Saying they support “diversity by choice,” members of a task force led by three local mayors are urging the Wake County, N.C., school district to abandon a student-assignment plan that aims for economic integration and adopt a neighborhood-schools approach instead.
The 30-member committee wants the district to revamp its nationally recognized assignment plan this year as it considers attendance-zone changes to accommodate seven new schools set to open next fall. The schools are expected to have a total capacity of roughly 6,700 students.
In 2000, Wake County, which includes Raleigh, replaced its race-based assignment plan with one that integrates schools on the basis of students’ family wealth. The change was designed to head off potential legal battles, while maintaining socioeconomic balance in schools.
But some residents have found the 109,000-student district’s plan hard to digest. They claim that parents fed up with the district’s student-assignment rules are pulling their children out of the public schools.
“We want to end forced busing against parents’ wishes,” said Cynthia Matson, a task force member and the president of Assignment by Choice, a local parent group. “We want people to have the right to choose what’s in the best interests of their children.”
Many of the same parents voiced their displeasure with the wealth-based assignment plan last year. But others argue that returning to neighborhood schools would mean a return to racially imbalanced schools. (“Broad Effort to Mix Students by Wealth Under Fire in N.C.,” May 22, 2002.)
“In every county that we are aware of and looked at that had an unbridled choice plan, the schools have resegregated,” said Michael R. Evans, the senior director of communications for the Wake County schools. “Creating a system of haves and have-nots does not produce the high academic achievement that we’ve enjoyed.”
Mr. Evans said 91 percent of the district’s students in grades 3-8 were performing at or above grade level on state mathematics and reading tests. About 59 percent of the district’s students are white, 29 percent are black, 6.5 percent are Hispanic, 4 percent are Asian, and fewer than 2 percent are multiracial.
‘Losing Market Share’
Concerned that the county schools were “losing market share” that could ultimately harm the town of Cary’s quality of life, Mayor Glen D. Lang called on his counterparts in the towns of Apex and Garner in northwestern Wake County to form a task force last year. Cary, which has about 107,000 residents, is one of the county’s wealthiest communities.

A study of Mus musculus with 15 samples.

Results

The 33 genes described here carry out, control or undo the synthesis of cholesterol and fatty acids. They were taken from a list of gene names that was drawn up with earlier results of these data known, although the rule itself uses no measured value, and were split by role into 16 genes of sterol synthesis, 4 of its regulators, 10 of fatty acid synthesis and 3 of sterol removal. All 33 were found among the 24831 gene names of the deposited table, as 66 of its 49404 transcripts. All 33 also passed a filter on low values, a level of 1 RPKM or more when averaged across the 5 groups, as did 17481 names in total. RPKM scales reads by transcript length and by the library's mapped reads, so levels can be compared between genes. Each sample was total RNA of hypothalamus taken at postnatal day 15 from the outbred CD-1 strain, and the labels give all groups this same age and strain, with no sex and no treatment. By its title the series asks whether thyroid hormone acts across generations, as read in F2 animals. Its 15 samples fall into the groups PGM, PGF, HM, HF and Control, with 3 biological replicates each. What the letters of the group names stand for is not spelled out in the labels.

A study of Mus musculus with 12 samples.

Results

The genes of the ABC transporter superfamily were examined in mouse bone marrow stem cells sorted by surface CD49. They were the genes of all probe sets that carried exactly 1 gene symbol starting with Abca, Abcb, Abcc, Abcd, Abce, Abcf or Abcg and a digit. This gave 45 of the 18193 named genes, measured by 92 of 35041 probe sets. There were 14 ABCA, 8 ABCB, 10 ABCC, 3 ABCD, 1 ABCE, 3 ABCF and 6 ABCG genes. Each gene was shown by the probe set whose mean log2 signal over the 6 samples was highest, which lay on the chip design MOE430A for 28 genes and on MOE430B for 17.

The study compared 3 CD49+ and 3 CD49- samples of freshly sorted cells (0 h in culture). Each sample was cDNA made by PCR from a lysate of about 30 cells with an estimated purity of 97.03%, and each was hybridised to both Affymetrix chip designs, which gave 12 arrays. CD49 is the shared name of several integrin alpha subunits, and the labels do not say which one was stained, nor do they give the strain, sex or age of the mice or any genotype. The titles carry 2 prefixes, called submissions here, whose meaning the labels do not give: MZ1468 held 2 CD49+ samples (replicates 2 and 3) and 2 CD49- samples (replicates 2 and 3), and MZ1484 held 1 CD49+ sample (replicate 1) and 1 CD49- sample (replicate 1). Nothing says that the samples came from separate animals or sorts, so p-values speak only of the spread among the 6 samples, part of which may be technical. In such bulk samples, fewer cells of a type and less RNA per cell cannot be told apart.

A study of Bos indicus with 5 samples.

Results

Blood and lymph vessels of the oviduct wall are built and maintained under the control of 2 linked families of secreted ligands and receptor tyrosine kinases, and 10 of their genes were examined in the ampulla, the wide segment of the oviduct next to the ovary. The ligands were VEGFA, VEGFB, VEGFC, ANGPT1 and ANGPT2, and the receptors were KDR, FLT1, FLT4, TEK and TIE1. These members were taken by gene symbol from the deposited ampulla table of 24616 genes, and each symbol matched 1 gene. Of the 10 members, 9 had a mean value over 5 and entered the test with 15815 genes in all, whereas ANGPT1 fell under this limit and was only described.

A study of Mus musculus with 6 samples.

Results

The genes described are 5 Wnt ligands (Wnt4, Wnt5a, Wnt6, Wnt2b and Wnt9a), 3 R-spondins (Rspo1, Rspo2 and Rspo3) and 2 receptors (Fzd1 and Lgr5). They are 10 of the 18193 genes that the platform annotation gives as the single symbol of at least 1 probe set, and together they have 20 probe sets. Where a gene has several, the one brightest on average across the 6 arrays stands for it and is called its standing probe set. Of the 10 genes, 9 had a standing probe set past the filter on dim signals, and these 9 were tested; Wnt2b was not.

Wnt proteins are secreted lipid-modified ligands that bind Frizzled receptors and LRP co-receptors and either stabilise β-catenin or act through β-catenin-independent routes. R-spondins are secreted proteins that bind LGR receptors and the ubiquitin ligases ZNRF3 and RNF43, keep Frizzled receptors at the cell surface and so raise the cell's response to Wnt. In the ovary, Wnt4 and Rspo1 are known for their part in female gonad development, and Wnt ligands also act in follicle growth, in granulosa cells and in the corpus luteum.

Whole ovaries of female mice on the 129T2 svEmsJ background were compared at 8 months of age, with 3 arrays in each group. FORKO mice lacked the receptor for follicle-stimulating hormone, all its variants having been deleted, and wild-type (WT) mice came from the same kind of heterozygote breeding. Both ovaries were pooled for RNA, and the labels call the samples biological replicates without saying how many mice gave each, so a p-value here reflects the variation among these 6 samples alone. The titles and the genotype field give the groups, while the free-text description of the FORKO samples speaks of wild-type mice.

Mayor Lang, whose term ends next month, estimates that 75 percent of Wake County’s school-age children attend public schools, compared with 93 percent in the mid-1980s. Parents complain that their children are being bused to schools 45 minutes away, he said.
The district’s lack of long-term planning has led to attendance-zone changes that forced children to change schools several times, he added.
Ms. Matson contends that the school system’s focus on students who struggle academically has left the needs of high-achieving students neglected.
“The number-one factor above educating students is diversity and, as a result, everyone is suffering,” she said.
The task force plans to make a presentation to the school board in January.
“They’ve got their heels dug in,” said Mr. Lang. “How can they say the system is working if you have people abandoning the school system?”
Samuel L. Bridges, the mayor of Garner, wrote in a letter to the local newspaper that he wants the board to consider different options for student assignment, but that he supports the goal of having “fully integrated” schools.
But proponents of a change in policy express little optimism that the board will change the plan. Assignment By Choice is turning its focus to school board elections, and it supported a candidate who was elected last month.
Cyndi Soter O’Neil, the director of communications and research for the Wake Education Partnership, located in Raleigh, said she believes that most county residents support the district’s commitment to both diversity and high academic standards.
Keith A. Sutton, the president of the Triangle Urban League, argued that those who advocate neighborhood schools are largely affluent white parents who believe that because they live in wealthy communities, they can choose where their children attend school.
“Frankly, it doesn’t work like that,” he said, “for poor kids or for rich kids.”
Most students actually attend the “nearest or second-nearest” schools in their neighborhoods, according to Mr. Evans. He added that 35 of the district’s 127 schools have magnet programs, and that another 15 have year-round programs, providing parents with ample choices.
The district will complete a series of 11 community meetings this month on the issue. A countywide committee appointed by the school board will present its own recommendations in January on diversity, academic achievement, and other issues.